See if you can spot the difference between these two commercials.
In the 1980s, there was a famous Duracell commercial featuring toy bunnies banging on cymbals. Gradually, all the bunnies ran out of batteries… except for one.
The tagline at the end was: “Duracell lasts longer.” The message? Duracell batteries are better.
Then in 2014, Duracell launched a new commercial featuring Derrick Coleman, the first legally deaf offensive player in the NFL, who played for the Seattle Seahawks at the time.
Coleman shares how he was counted out after not being selected in the NFL Draft.
“They told me it was over,” Coleman says. “But I’ve been deaf since I was three, so I did not listen. And now I’m here, with a lot of fans in the NFL cheering me on, and I can hear them all.”
End scene. The tagline this time? “Trust the power within.”
These two commercials told vastly different stories. In the first, Duracell is the focus—the hero of the story. In the second, the consumer—Coleman—is the hero. Duracell is merely the guide, the party who helped Coleman achieve his dreams by powering his hearing aids.
Stories are a powerful tool to connect on an emotional level with your consumers, helping you to build trust and relationships that ultimately lead to more sales. But to utilize story marketing to its full effect, you must make this same shift Duracell did: moving past the narcissistic marketing model and embracing your role as helpful guide, not hero.
The Narcissistic Marketing Model
From a marketing communication standpoint, financial brand stories have not changed over the years. For the majority of banks and credit unions, the “story” can be distilled into three things:
- Promoting great rates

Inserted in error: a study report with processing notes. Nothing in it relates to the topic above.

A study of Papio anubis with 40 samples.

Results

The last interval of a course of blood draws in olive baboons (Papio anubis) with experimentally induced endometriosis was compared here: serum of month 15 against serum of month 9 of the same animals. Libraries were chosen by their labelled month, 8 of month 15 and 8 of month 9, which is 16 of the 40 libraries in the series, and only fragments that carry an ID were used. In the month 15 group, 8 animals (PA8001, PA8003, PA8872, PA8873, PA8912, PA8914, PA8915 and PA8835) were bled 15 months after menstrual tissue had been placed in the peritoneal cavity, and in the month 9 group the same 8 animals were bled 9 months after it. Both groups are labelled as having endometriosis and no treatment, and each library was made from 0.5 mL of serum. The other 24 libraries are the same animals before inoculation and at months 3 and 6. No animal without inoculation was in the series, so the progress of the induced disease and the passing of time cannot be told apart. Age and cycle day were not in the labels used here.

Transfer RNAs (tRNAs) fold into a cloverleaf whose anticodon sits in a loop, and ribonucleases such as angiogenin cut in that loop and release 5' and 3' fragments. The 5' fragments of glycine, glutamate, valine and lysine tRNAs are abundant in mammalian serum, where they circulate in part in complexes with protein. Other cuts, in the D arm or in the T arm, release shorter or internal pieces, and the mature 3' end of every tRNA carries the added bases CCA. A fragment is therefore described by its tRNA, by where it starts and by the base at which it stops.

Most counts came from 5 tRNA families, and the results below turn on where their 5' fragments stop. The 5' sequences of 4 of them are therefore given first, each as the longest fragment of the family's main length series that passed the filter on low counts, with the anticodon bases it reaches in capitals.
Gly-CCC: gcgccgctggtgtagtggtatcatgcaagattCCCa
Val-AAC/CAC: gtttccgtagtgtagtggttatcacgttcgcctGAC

- Announcing amazing service
- Communicating commoditized laundry lists of look-alike product features
This is not only a bad story—it’s no story at all! It’s just a collection of facts. There’s more to financial brands than that, right? Of course there is. The problem is that when brands find their stories and begin to articulate them, they cast themselves as the hero.
This is what I call the narcissistic marketing model. Because they are the ones who solve the problem and save the day, financial brands are the heroes. Consumers don’t see it that way, though. In every story, there’s room for only one hero. And the hero isn’t the brand.
In the eyes of the consumer, they are the hero in this story.
People aren’t looking for a hero to come save them, and this is especially true when it comes to financial services. They’re looking for something greater, something deeper: they’re looking for a helpful guide that allows them to be the hero of their own story.
Become the Helpful Guide
Think about the hero’s journey. When the hero runs into a problem, what happens? They meet a helpful and empathetic guide who offers them a plan that provides clarity and builds the hero’s courage. The hero takes action with confidence, and thanks to the guide, they succeed.
Without the guide, there can be no hero, and without the hero, there can be no story.
- Without Obi-Wan, there’s no Luke and no Star Wars.
- Without Mr. Miyagi, there’s no Daniel-san and no Karate Kid.
- Without Gandalf, there’s no Frodo and no The Lord of the Rings.
The guide in Coleman’s journey was a battery that powered him, l helping to build his courage so Coleman could commit to taking action with confidence, which resulted in him achieving his dream of playing in the NFL. Duracell, the guide, was important—but they weren’t the hero.
The guide’s primary role in any story is to empathetically connect with, empower, and elevate the hero on their journey. Your financial brand can no longer position itself as the hero within its marketing and sales communication. You must commit to position your financial brand as the helpful and empathetic guide, elevating the consumer to success as the hero.
Telling a Better Story
When it comes down to it, humans respond to stories, not just intellectually but also emotionally. Stories capture our attention and inspire us to action. But for stories to work as a marketing tool, consumers must be able to relate to the subject of the story—the hero.
In truth, consumers don’t want to hear about how great you are. They want to hear how you are going to make their lives better.
So it’s time to step outside of yourself and let go of your ego. You’re not the hero. Embrace your role as the helpful, empathetic guide, providing the tools needed for the true hero—the consumer—to succeed. That’s how you tell a better story.